Hair loss can appear in many different ways, depending on the problem that's causing it. It can come on suddenly or gradually and affect just your scalp or your whole body. Some types of hair loss are temporary, while others are permanent.
Signs and symptoms of hair loss may include:
- Gradual thinning on top of head. This is the most common type of hair loss, affecting both men and women. In men, hair often begins to recede from the forehead in a line that resembles the letter M. Women typically retain a line of hair at the forehead but experience a broadening of the part in their hair.
- Circular or patchy bald spots. Some people experience smooth bald spots, often about an inch (2.6 centimeters) across. This type of hair loss usually affects just the scalp, but it sometimes also occurs in beards or eyebrows. In some cases, your skin may become itchy or painful before the hair falls out.
- Sudden loosening of hair. A physical or emotional shock can cause hair to loosen. Handfuls of hair may come out when combing or washing your hair or even after gentle tugging. This type of hair loss usually causes overall hair thinning and not bald patches.
- Full-body hair loss. Some conditions and medical treatments, such as chemotherapy for cancer, can result in the loss of hair all over your body. The hair usually grows back after treatment ends.
When to see a doctor
Talk to your doctor if you notice sudden or patchy hair loss or more than usual hair loss when combing or washing your hair. Sudden hair loss can signal an underlying medical condition and may require medical treatment.
Most people normally shed 50 to 100 hairs a day. But with about 100,000 hairs in the scalp, this amount of hair loss shouldn't cause noticeable thinning of the scalp hair. As people age, hair tends to gradually thin. Other causes of hair loss include hormonal factors, medical conditions and medications.
The most common cause of hair loss is a hereditary condition called male-pattern baldness or female-pattern baldness. In genetically susceptible people, certain sex hormones trigger a particular pattern of permanent hair loss. Most common in men, this type of hair thinning can begin as early as puberty.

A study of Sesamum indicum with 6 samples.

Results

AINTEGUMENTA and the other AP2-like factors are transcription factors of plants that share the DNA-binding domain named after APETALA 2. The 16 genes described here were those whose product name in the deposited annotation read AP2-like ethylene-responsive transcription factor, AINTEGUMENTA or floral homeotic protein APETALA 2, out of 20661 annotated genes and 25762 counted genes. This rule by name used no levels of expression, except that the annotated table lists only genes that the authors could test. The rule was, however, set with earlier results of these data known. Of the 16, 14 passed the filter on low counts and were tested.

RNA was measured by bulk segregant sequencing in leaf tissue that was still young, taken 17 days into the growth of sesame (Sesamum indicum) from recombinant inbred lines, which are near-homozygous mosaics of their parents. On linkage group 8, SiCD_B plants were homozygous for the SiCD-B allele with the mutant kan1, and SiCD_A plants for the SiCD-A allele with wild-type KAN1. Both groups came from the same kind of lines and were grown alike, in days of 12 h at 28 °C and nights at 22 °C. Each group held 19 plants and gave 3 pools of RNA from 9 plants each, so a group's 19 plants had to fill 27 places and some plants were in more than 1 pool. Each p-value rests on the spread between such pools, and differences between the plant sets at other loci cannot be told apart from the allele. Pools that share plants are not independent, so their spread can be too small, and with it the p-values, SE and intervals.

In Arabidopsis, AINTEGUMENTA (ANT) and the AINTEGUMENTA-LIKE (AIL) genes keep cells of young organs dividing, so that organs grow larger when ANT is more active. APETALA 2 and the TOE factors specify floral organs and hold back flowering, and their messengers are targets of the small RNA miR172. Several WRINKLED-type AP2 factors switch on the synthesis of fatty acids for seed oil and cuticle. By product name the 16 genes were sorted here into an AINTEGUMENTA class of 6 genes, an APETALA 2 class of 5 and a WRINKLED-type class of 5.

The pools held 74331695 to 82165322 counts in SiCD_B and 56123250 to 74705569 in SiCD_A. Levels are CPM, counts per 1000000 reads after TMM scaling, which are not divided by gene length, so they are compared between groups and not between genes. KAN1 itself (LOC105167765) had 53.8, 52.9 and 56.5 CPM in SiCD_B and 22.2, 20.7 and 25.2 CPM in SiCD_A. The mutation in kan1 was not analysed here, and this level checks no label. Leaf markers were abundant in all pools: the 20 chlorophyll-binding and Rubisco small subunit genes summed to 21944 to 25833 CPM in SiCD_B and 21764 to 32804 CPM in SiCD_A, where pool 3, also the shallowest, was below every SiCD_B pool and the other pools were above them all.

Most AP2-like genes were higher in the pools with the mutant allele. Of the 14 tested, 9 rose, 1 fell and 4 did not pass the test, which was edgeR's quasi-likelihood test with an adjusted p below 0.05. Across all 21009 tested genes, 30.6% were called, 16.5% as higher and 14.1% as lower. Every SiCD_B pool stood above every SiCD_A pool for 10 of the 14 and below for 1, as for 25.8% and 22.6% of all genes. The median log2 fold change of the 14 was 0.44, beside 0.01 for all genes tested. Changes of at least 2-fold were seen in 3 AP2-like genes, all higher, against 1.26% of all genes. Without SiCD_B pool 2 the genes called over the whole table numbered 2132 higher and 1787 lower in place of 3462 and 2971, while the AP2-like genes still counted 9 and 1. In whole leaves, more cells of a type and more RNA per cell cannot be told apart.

Hormonal changes and imbalances can also cause temporary hair loss. This could be due to pregnancy, childbirth, discontinuation of birth control pills or the onset of menopause.
A variety of medical conditions can cause hair loss, including:
- Thyroid problems. The thyroid gland helps regulate hormone levels in your body. If the gland isn't working properly, hair loss may result.
- Alopecia areata. This disease occurs when the body's immune system attacks hair follicles — causing smooth, roundish patches of hair loss.
- Scalp infections. Infections, suchasringworm, can invade the hair and skin of your scalp, leading to hair loss. Once infections are treated, hair generally grows back.
- Other skin disorders. Diseases that can cause scarring, such as lichen planus and some types of lupus, can result in permanent hair loss where the scars occur.
Hair loss can be caused by drugs used to treat:
- Heart problems
- High blood pressure
Other causes of hair loss
Hair loss can also result from:
- A physical or emotional shock. Many people experience a general thinning of hair several months after a physical or emotional shock. Examples include sudden or excessive weight loss, a high fever, or a death in the family.
- Hair-pulling disorder. This mental illness causes people to have an irresistible urge to pull out their hair, whether it's from the scalp, their eyebrows or other areas of the body. Hair pulling from the scalp often leaves patchy bald spots on the head.
- Certain hairstyles. Traction hair loss can occur if the hair is pulled too tightly into hairstyles such as pigtails or cornrows.